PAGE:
Adam Minichino



Brittany Young doesn''t sound like an ordinary freshman. 


A broadcast communication major, Young already has the art of the interview down. She is eager, informed, and at ease handling questions in the first of what likely will be many interviews. 


In time, Young, a 5-foot-9 freshman from Birmingham, Ala., will get to talk about her scoring, rebounding, and defensive exploits. This time, though, Young was more than willing to discuss the challenges she faces transitioning from high school to college. 


Young admits the move has been "overwhelming" at times, but she is doing what she can to become more comfortable every day. 


"I knew it would be much faster and more in depth and more intense," Young said. "The expectations are high for me, but I am just going to take it slowly. I know it is a process, and I am going to take small steps and get better every day, and that is what I am doing now." 


Young hopes to take another step at 7 tonight when MSU (3-1) plays host to Louisiana Tech (2-3) in another key non-conference test. The Lady Bulldogs are coming off a 74-31 victory Sunday against the University of Arkansas-Pine Bluff. Tonight, though, they figure to face a bigger challenge against an experienced Lady Techsters team that has lost its last three games. 


Young showed more signs of maturity and grabbed five rebounds and had a steal in 15 minutes against UAPB. She has scored only two points and is averaging 12 minutes per game, but she plays with the same poise on the court that you hear in her voice during an interview. With 11 rebounds, three assists, and two steals, Young has shown a willingness to do whatever the Lady Bulldogs need, whether it is at small forward or at shooting guard. 


With junior guard Porsha Porter coming off a sprained ankle against UAPB and questionable for tonight''s game, Young likely will face another evening of split duty. But she knows more minutes at several positions will help her find her comfort zone even quicker.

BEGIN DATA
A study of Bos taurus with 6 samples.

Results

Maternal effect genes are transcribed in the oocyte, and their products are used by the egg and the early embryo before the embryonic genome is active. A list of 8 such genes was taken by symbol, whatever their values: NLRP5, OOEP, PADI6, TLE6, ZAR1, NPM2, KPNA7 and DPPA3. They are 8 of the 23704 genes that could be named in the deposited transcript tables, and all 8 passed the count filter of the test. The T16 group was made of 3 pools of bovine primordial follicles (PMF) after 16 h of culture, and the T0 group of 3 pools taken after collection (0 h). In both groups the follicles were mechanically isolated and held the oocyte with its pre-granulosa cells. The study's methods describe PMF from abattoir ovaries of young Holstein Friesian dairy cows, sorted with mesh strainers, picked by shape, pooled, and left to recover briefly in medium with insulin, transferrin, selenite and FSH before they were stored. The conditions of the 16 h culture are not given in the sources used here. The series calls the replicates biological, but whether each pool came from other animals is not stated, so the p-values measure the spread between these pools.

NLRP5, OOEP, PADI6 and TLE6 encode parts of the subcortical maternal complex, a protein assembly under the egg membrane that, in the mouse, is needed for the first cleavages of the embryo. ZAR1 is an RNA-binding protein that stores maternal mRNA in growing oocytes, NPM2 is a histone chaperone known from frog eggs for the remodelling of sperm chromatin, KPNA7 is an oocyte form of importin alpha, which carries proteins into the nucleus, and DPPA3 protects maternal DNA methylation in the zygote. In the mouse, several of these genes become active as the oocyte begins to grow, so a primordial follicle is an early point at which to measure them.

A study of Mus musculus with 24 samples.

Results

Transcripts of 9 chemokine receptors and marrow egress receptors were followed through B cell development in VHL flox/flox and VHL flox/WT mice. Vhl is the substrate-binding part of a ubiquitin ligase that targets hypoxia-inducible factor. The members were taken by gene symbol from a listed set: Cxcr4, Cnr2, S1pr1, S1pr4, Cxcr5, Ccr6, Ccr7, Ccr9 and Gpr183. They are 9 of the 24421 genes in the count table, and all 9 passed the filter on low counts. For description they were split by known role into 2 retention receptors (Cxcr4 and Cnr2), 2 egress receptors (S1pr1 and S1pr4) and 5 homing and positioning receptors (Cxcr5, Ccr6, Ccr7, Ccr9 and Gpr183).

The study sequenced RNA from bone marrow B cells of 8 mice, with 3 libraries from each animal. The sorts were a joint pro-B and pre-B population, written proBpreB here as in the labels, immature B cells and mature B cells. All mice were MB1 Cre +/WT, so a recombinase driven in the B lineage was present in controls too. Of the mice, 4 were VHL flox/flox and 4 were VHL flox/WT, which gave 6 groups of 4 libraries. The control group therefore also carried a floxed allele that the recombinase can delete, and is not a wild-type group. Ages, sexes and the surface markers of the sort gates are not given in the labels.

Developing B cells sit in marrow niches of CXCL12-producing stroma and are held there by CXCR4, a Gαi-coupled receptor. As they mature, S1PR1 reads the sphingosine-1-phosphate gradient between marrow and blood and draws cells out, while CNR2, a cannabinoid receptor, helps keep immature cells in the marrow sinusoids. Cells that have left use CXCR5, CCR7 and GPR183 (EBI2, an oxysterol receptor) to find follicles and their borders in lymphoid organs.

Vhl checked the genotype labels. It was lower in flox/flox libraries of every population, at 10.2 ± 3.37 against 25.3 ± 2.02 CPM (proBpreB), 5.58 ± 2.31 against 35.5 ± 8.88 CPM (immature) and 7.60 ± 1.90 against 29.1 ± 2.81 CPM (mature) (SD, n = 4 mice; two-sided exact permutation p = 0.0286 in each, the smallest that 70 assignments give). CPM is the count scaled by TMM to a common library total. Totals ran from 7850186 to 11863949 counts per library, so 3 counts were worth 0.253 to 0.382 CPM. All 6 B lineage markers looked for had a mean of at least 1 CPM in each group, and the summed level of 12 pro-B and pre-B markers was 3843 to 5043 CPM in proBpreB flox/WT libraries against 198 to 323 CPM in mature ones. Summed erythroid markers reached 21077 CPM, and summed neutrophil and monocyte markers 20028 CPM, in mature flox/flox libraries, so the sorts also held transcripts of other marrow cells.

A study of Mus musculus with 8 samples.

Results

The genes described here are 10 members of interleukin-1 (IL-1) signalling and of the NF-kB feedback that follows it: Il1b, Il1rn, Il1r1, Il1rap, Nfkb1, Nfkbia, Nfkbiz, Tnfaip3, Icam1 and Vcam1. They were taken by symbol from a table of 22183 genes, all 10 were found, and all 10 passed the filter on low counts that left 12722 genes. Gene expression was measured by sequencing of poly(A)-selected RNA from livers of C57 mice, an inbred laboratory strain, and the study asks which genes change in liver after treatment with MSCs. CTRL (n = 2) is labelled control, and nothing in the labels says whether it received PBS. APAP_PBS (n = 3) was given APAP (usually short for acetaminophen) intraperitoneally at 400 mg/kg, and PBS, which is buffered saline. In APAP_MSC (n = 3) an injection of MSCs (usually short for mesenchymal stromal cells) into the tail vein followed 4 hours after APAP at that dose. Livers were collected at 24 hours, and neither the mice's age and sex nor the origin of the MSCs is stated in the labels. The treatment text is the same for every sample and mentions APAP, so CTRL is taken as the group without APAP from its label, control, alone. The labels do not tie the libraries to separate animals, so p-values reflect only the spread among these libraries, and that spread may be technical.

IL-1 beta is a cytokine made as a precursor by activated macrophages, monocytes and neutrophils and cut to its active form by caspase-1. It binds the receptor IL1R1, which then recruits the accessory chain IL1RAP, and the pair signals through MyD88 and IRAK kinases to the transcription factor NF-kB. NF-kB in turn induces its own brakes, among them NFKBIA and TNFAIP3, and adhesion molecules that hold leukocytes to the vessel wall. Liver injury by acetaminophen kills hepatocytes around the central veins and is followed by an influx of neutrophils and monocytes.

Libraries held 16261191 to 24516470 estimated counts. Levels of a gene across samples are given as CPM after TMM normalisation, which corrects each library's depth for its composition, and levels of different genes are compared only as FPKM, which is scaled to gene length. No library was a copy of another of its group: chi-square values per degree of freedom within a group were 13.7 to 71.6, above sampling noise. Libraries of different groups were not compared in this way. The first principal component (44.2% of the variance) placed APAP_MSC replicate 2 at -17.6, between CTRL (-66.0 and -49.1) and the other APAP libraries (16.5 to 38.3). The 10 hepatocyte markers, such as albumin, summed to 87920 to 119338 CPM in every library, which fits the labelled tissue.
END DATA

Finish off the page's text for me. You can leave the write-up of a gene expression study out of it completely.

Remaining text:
Things were simple in high school. She averaged 9.7 assists as a senior and helped Midfield High win four consecutive Class 4A state titles. Young said she played multiple positions at Midfield High but that things, including the number of plays, weren''t nearly as advanced as they are at MSU. 


"In high school, I was a starter and I was learning things and doing them in the first group, so it was easier doing it than now when I am on the sidelines," Young said. "People think that since you''re on the side you should know what to do, but when you have been watching and then you have to do it is is different." 


Young said she is adjusting to that difference and to playing two positions every practice and every game. She said she feels more comfortable at small forward because she feels that position allows her to showcase her versatility. 


"At this point my job is to be aggressive when I get into the game and when a shot presents itself to take it," Young said. "I have never been a player to force anything. If I see an open person I am going to get an assist or I am going to rebound or play good defense. I am going to feed off my teammates and do the intangibles to help the team win." 


Young said she is going to have the same mind-set when she is on the bench, cheering her opponents on. MSU coach Sharon Fanning-Otis loves Young''s attitude and said she is a "blessing" to coach. 


"(With Brittany) it is whatever I can do to help the team," Fanning-Otis said. "She is so flexible in trying to learn whatever position it is, or if someone doesn''t know a position or if someone is hurt or if it is something she doesn''t even know. She is learning the game in various positions and is always willing to give to her teammates. It is priceless to have a teammate who works hard and does the little things." 


Fanning-Otis said Young is willing to scrap for loose balls, to take charges, or to set screens if that''s what the Lady Bulldogs need. For an inexperienced team with five junior college transfers and four freshman, Young''s approach to the game could help set an example and bring everyone closer together. 


"She has accepted (her) role in a very responsible and positive way," Fanning-Otis said. "She plays the game a play ahead. She has a knack for that and she is a winner. I have been very pleased with her progress. 


"If she keeps her focus and keeps working hard like she is she is going to be a very, very valuable part of our success."


Adam Minichino is the Sports Editor for The Commercial Dispatch.